Did Catholic Governor Andrew Cuomo Blaspheme Against God?


On Easter Monday, Governor Andrew Cuomo made a comment about the coronavirus fight that caused a storm of complaints. Many are even calling it blasphemous.

He said, “The number is down because we brought the number down. God did not do that. Fate did not do that. Destiny did not do that. A lot of pain and suffering did that.”


One person wrote, “I am disgusted with his statement!” Another said, “Was Cuomo attacking people of faith? He really needs to watch his mouth.” Several labeled it blasphemy, and over 120 people agreed. One man wrote, “New York will suffer for what blasphemy came out of that mouth.” Other comments were even stronger alluding to judgment, punishments and the devil.

In addition, video viewers still remember that horrifying scene when Gov. Cuomo and the New York Democratic-majority legislature wildly cheered the passage and signing of the late-term abortion bill last year. One wrote that the governor’s comments were to be expected from “infant murderer!”


Gov. Cuomo, for example, does not understand where many healthcare workers found the strength to carry on their arduous work. These heroic professionals exposed themselves and their family to the pathogen. They worked overtime until exhausted, and then came back the following day.

It would be insulting to say that extra work hours and paycheck bonuses alone motivated these professionals. No amount of money can compensate someone for catching the illness and risk dying from it.

Worse yet, the motivation cannot possibly be devotion to the governor. These healthcare professionals were probably not inspired by the governor’s pleas to beat the virus.


This devotion could be seen in the many news reports and pictures showing healthcare professionals gathering to pray on rooftops, break rooms and even emergency tents all over the United States, including in New York.

The example of self-sacrifice was given by the Passion and Death of Our Lord Jesus Christ. His sacrifice is fresh in everyone’s mind as the holy season of Lent has just ended. How many lessons Christians everywhere learned from Christ’s example! He proved that greater love has no man than he who gives his life for his neighbor. These healthcare professionals put this principle into action in their daily work.

How many of these workers draw their energy, strength, and perseverance from Christ. This love of God is a primary motivating factor for countless healthcare professionals. The governor’s remark belittles this inspiration and the source of this strength.

God Helps To Inspire Great Works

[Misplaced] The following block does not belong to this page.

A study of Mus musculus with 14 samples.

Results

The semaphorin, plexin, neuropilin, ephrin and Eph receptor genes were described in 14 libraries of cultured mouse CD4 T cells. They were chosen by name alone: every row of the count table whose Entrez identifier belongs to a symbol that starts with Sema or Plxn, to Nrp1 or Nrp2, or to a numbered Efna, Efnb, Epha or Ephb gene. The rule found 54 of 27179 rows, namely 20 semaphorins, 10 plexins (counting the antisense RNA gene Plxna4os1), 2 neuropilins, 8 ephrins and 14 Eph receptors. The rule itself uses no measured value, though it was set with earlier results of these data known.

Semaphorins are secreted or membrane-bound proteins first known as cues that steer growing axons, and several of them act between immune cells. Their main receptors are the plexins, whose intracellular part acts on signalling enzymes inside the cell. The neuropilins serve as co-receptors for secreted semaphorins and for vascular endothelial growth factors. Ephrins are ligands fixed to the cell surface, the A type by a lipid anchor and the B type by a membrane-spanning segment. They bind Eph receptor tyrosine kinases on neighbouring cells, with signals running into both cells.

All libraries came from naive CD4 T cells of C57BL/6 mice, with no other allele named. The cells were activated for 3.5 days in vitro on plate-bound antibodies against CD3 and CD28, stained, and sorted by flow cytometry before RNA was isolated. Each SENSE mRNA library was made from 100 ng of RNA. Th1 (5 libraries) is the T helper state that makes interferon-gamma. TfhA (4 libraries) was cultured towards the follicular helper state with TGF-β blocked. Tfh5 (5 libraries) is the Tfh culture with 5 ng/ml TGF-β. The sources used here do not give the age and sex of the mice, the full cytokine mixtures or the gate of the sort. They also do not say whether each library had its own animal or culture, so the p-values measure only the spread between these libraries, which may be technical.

Gov. Cuomo’s statement also shows how little he knows about the influence of God and religion in society and Western civilization. Among the innumerable blessings that modern society owes to the Church is the hospital system.


Saint Benedict, for example, included the obligation to care for the sick in his Rule, the basic manual for his Benedictine Order. Risse states that the influence of monasteries and cathedrals in the corporal acts of mercy spread into the general society. Lay confraternities soon joined the works of mercy. “This task was based on the traditional Christian premise that such assistance was still part of a religious ritual and an important means for acquiring spiritual salvation.”

Thus, the institutionalization of health care spread to the general population. The word “hospital” is derived from the Latin hospitium, which means guest house. It was the place where the sick and dying were received as guests. No other civilization developed anything similar to this.

God’s intervention in this epidemic did not begin when Gov. Cuomo took his first step to address the crisis. It began centuries before. The Divine Physician, Our Lord Jesus Christ, not only cared for the redemption of the soul but also for the healing of the body. Hospitals are an expression of His spirit.


Is Cuomo Faithful to His Catholic Faith?

Many faithful have questioned Gov. Cuomo’s Catholic Faith. There were numerous calls for his excommunication after he signed a radical late-term abortion law last year on the anniversary of Roe v. Wade. His enthusiasm for the abortion bill led him to light up in pink One World Trade Center’s 408-foot spire, the Gov. Mario M. Cuomo Bridge, the Kosciuszko Bridge and the Alfred E. Smith Building in Albany. He saw this as a fitting way to “celebrate passage of [the] Reproductive Health Act.”

During his Easter Monday remarks, the governor claims he is a Catholic. Although he banned religious services during the crisis, he says he considers Easter as “one of the high holy days.”

However, his words do not match his actions. Like so many other officials, he has excluded God from acting in this crisis with his blasphemous words of self-praise. New York should not be surprised if God abandons the city so that officials might then see how little they really do.